Posttraumatic stress disorder (PTSD) is among the most common and disabling psychiatric casualties of combat and other extremely stressful situations. People suffering from PTSD often suffer from vivid intrusive memories of their traumas. Current medications are often ineffective in controlling these symptoms and so novel treatments are needed urgently.
In the February 1st issue of Biological Psychiatry, published by Elsevier, a group of basic scientists shed new light on the biology of stress effects upon memory formation. In so doing, they suggest new approaches to the treatment of the distress related to traumatic memories. Their work is based on the study of a drug, RU38486, that blocks the effects of the stress hormone cortisol.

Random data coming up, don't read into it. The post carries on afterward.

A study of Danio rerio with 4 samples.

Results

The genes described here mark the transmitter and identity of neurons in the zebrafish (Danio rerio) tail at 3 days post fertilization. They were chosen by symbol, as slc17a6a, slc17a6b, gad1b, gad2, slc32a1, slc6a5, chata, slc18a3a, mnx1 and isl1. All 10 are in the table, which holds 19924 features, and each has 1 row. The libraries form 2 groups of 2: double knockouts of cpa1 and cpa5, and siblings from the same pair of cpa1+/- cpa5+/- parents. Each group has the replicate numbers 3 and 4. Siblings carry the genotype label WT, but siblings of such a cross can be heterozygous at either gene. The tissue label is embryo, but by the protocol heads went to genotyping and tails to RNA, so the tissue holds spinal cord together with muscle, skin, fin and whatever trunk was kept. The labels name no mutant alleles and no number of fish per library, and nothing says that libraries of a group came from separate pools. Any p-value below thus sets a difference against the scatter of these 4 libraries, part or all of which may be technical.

In an animal model, investigators showed that treatment with RU38486 selectively reduced stress-related memories, without changing other memories. They also found that the effectiveness of the treatment is a function of the intensity of the initial "trauma."
Although performed in rats, this study helps to set the stage for trials in humans.
This is how these findings should translate into developing clinical parameters:
The drug should be administered shortly before or after recalling the memory of the traumatic event. Only one or two treatments are sufficient to maximally disrupt the memory and the effect is long lasting and selective for the recalled memory.
The time elapsing between the traumatic experience and the treatment seems to be an important parameter for obtaining the most efficacious treatment.

Other scientists agree that the study results show that carefully designed combinations of behavioral and pharmacological therapies may represent novel, effective treatments for PTSD or other anxiety disorders.